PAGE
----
Hormones and Bone Health
Labrix Laboratories are hormone testing experts and here they explore the relationship between hormones and osteoporosis.
The connection between estrogen and bone health is well established in the medical literature and well-known in the medical community. Estradiol promotes osteoblast activity, the cells in bone that are responsible for the synthesis and mineralization of bone.
The importance of progesterone for bone health
During periods of lower estradiol levels such as menopause, the osteoblasts cannot produce bone effectively. This partially explains why osteoporosis diagnoses are increasingly common after menopause, and why oestrogen replacement (HRT) is among the FDA-approved treatments for osteoporosis.
Progesterone is a lesser known but equally important hormone in the prevention and treatment of osteoporosis. Bioidentical progesterone therapy has shown promising benefits for bone health in both in vivo and in vitro studies.
At a cellular level, progesterone acts on osteoblasts by increasing their differentiation. Estradiol is a necessary part of this process as it stimulates progesterone receptors in osteoblasts. Also important to note is that dosage is important. More is not necessarily better.
Physiologic doses of progesterone can increase osteoblast differentiation while supra-physiologic doses suppress this activity.
Progesterone impacts bone health throughout a woman’s entire life. Beginning in the teen years, progesterone levels influence bone density: bone formation increases during the luteal phase of the menstrual cycle when progesterone levels are at their highest.
Young women with normal progesterone levels and normal ovulatory cycles have been shown to achieve a higher gain in peak bone mass than their counterparts with lower progesterone levels. Observational studies have linked ovulatory cycles with bone mineral density (BMD) increases, and ovulatory disturbances with BMD decreases.
The effect of synthetic hormones on bone health
One of the most powerful influences on ovulation and progesterone levels in young women is the use of combined hormonal contraceptives (CHC), containing supra-physiologic doses of ethinyl estradiol and progestin, the synthetic (non-bioidentical) form of progesterone.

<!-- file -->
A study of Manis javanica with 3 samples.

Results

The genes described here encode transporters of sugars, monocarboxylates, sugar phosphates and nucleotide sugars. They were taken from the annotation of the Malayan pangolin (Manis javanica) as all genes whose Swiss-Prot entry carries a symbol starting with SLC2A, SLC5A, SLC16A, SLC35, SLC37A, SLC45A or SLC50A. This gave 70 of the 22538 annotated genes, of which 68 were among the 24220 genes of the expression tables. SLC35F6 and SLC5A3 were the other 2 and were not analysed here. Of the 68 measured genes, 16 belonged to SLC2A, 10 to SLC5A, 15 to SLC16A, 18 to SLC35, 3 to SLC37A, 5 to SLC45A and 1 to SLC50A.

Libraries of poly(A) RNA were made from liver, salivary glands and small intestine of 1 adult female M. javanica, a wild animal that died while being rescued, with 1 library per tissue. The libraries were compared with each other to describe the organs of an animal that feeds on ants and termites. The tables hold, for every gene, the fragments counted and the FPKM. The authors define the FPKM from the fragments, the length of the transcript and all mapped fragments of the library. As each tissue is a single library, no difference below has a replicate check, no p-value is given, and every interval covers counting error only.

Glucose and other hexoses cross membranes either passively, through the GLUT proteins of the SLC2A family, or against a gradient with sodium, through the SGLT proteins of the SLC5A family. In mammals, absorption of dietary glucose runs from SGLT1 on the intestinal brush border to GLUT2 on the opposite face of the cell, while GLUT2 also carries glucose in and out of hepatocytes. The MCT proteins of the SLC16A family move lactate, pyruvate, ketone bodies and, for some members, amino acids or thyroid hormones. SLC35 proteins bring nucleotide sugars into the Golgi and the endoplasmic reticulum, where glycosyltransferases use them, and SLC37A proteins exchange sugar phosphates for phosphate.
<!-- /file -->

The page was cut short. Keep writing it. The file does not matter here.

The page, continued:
CHCs suppress ovarian function which leads to lower progesterone levels leading to a lower gain in peak bone mass. This process can lead to an increased risk of bone-loss-related fractures later in life. Maintaining normal progesterone levels and ovulatory cycles during the teen years can lead to better bone health throughout life.
During perimenopause, women tend to have normal estrogen levels but declining progesterone levels. As a result, bone metabolism changes significantly during this time with increased bone resorption and loss. Women with a lower proportion of ovulatory cycles tend to have more bone loss than those who ovulate more regularly during this time.
Is bioidentical progesterone an effective treatment for bone health?
Later in life, bioidentical progesterone supplementation can be considered an integral part of the treatment plan for osteoporosis. Among one-hundred patients treated in a clinical setting, progesterone was shown to increase BMD and decrease the chances of fractures in postmenopausal women with osteoporosis.
These findings don’t overshadow the fact that estradiol has been more extensively studied in the treatment of osteoporosis, as these two hormones can be combined for a more comprehensive treatment approach.
Choosing the right delivery method and formulation are critical as combined topical bioidentical progesterone and estradiol has been shown to create the most significant increase in BMD when compared to non-bioidentical oral combined hormone therapy and controls.